We can all agree that our society is chock-full of daily stresses. Looming deadlines, sick and cranky kids, and gridlock traffic can all send you into a tizzy. Our bodies often respond to these daily stresses with anxiety. It’s a completely normal response to our life experiences.
Anxiety works like a protective mechanism to prevent us from entering into a potentially dangerous situation. And it can help us escape from one, should we find ourselves there. This naturally occurring response is aptly named the fight-or-flight response.
Research shows that the more active your fight-or-flight response is, the easier it is to trigger anxiety in the future. So with continued stress, you may become more sensitive to the effects of anxiety. Sort of like the chicken or the egg conundrum!
Anxiety can be treated in a variety of ways. From medication, talk therapy and cognitive behavioral therapy to various relaxation techniques. Here are some natural yogic ways to fight it:
Just Breathe: Pranayama
At the core of many anxiety attacks is your breathing, or lack there of. When you’re anxious, the diaphragm is tense, which stops the air from moving downward as you inhale. Research shows that pranayama, or mindful breathing can be just as effective for some as prescribed medication.
Try anywhere: Place your hand on your upper belly, right at the diaphragm. Close your eyes, and feel your breathing move your stomach out when you inhale. At the top of the inhale, pause. On the exhale, control the breath and feel your belly pulling in. At the end of the exhale, pause. Repeat!
Calm the mind: Meditation
In the ’70s, Herbert Benson, M.D, and founder of the Mind/Body Medical Institute at Harvard found that practicing transcendental meditation could lower blood pressure, improve heart health and reduce stress. Your mind can be the culprit that creates and perpetuates anxiousness. Constant negative self talk or worry about health, finances or relationships can turn into a relentless replay of unresolved issues. Meditation helps to shut off that dialogue. Sometimes it’s as easy as focusing on the sensation of your breath entering through the nostrils. This type of focus creates a state of deep relaxation, which then translates into a calmer, and more focused overall existence.
Try at home: Find a comfortable seated position. Turn off the cell phone, TV and as much of the outside world as possible. Sit with your eyes closed, or focus on an inanimate object in front of you. Take a few deep breaths (see above). You may notice that your thoughts run rampant, but that’s normal. Your intention should be to observe. Focus once again on the sensation of your stomach rising and falling with your breath. Try doing this for five minutes, then try six or seven. Challenge yourself.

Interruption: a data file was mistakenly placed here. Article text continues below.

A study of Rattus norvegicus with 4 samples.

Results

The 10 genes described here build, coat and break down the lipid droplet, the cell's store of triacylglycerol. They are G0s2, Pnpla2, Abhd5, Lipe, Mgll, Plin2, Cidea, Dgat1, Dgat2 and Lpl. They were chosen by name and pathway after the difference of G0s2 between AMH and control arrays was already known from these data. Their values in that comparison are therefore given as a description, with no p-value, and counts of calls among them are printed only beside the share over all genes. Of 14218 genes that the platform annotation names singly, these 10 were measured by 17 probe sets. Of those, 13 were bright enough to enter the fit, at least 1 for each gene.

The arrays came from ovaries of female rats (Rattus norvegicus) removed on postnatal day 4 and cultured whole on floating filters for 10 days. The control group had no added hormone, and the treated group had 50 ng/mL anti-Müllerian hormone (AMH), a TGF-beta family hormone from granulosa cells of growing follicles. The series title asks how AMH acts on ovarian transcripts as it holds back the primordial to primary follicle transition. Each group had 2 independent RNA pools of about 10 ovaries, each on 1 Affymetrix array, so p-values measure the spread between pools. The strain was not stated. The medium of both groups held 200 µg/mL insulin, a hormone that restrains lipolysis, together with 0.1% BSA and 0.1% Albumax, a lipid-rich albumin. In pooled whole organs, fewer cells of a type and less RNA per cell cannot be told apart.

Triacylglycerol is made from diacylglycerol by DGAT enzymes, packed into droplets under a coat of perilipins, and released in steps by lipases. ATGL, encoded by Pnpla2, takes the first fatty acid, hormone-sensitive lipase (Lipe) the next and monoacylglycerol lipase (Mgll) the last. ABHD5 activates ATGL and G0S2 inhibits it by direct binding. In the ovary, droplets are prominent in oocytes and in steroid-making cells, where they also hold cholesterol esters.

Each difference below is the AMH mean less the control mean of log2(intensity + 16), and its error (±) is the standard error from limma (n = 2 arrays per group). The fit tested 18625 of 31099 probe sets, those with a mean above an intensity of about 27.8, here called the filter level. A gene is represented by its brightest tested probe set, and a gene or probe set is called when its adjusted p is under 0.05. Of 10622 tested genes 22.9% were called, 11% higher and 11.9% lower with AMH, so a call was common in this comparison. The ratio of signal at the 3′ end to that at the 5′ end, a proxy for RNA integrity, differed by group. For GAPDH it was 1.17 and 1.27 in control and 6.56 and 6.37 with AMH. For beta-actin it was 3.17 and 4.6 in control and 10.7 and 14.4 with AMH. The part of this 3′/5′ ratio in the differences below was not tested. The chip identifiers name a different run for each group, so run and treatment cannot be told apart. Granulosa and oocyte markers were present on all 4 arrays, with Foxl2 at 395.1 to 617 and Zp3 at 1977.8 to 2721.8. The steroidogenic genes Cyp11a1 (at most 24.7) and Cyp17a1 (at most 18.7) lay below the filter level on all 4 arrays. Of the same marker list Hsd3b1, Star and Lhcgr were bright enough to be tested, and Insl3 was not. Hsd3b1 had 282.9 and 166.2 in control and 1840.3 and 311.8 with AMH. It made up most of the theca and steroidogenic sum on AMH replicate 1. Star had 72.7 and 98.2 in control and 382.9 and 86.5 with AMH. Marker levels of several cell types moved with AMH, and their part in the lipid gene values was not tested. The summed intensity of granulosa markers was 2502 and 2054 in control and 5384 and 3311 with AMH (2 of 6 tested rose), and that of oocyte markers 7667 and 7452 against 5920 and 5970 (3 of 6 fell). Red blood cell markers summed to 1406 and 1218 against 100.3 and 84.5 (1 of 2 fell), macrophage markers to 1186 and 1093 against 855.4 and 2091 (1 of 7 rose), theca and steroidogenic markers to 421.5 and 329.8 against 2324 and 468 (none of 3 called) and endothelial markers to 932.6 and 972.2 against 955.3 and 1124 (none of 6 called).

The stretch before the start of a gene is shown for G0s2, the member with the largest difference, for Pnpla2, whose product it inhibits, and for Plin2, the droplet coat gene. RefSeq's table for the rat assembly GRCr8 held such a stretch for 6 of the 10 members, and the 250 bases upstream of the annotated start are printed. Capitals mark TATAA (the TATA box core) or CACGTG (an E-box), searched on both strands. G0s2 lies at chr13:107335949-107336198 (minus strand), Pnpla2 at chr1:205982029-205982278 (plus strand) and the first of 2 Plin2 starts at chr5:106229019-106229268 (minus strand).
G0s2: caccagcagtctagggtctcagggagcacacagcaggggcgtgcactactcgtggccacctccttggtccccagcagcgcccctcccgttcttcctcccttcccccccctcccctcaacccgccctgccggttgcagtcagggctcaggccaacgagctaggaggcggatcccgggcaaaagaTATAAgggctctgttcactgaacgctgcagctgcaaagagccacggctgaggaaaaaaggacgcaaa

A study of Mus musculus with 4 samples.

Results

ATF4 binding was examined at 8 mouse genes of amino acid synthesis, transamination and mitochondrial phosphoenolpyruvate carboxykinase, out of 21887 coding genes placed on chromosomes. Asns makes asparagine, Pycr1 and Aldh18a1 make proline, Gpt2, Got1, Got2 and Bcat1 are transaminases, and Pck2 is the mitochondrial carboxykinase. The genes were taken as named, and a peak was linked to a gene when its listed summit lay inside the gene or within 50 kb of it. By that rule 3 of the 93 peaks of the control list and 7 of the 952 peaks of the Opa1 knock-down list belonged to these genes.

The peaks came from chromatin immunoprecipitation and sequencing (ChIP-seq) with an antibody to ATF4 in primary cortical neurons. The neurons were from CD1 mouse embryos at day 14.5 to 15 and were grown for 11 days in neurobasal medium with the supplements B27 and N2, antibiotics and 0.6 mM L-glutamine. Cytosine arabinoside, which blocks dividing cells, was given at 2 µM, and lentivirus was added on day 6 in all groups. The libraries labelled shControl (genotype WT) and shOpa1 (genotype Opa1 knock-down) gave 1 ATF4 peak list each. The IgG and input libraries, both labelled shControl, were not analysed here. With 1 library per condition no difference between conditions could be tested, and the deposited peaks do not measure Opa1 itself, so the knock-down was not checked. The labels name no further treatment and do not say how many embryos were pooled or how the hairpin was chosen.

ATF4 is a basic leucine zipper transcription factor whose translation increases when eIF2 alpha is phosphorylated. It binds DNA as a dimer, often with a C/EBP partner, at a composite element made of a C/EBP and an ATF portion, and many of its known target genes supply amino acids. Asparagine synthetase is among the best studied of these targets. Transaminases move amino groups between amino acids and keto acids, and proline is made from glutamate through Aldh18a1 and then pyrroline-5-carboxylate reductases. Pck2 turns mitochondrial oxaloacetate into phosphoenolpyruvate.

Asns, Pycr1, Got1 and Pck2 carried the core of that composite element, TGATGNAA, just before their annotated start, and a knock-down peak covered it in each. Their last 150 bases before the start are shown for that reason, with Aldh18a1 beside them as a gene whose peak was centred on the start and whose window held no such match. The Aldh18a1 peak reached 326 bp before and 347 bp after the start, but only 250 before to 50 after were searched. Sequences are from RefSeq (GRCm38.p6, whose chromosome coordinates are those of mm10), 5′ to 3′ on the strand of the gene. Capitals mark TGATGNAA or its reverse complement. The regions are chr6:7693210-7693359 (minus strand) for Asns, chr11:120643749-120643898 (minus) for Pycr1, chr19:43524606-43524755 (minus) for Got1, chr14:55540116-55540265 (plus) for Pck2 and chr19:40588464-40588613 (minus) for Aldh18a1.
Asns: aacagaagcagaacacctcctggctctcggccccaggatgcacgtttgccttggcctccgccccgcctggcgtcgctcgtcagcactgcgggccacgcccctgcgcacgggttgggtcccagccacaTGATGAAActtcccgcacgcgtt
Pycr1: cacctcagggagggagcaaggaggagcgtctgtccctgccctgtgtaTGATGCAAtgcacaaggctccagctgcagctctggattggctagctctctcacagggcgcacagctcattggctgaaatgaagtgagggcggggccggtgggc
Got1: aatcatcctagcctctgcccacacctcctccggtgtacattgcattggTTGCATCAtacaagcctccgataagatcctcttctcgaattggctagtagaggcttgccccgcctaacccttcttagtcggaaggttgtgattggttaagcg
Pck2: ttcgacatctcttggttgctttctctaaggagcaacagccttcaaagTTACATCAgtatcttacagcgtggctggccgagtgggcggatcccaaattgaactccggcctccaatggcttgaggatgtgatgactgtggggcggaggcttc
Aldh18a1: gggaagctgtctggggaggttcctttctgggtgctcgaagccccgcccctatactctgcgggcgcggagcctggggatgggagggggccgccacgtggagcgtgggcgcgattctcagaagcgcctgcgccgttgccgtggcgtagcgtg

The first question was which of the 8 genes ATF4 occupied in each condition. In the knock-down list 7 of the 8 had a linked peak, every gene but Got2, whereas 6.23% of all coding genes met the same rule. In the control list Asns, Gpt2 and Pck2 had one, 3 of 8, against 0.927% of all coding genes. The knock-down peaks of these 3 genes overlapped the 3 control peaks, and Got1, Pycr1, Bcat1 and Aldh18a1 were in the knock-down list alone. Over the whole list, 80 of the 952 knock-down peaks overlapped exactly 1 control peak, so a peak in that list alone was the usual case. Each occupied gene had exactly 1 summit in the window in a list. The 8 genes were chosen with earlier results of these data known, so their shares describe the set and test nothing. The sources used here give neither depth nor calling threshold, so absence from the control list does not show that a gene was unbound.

Get Moving: Asana
Another extremely important yogic tool in battling anxiety is a good Asana practice. The movement burns off the nervous energy that can contribute to anxiety. While you’re practicing Asana, you’re also breathing and focusing on the body’s movement, so this is a great way to introduce the first two tools mentioned. Try these three poses:
- Staff Pose (Dandasana): strengthens the back muscles; stretches the shoulders and chest; improves posture
- Seated forward bend (Paschimottanasana): calms the brain and helps relieve stress and mild depression; stretches the spine, shoulders, hamstrings; Stimulates the liver, kidneys, ovaries, and uterus; improves digestion; improves and relieves the symptoms of menopause and menstrual discomfort;
ache and anxiety and reduces fatigue; therapeutic for high blood pressure, infertility, insomnia, and sinusitis; raditional texts say that Paschimottanasana increases appetite, reduces obesity, and cures diseases.
- Easy pose (Sukhasana): calms the brain; strengthens the back; stretches the knees and ankles.
In addition to the immediate benefits of exercise, people who practice these three things regularly tend to build a greater internal sensitivity, which allows them to detect early signs of anxiety.
Zoja Popovic is a Toronto-based journalist and national TV news producer. She is the consummate health and wellness enthusiast, and is obsessed with Yoga. Follow Zoja @zojapopovic. Namaste!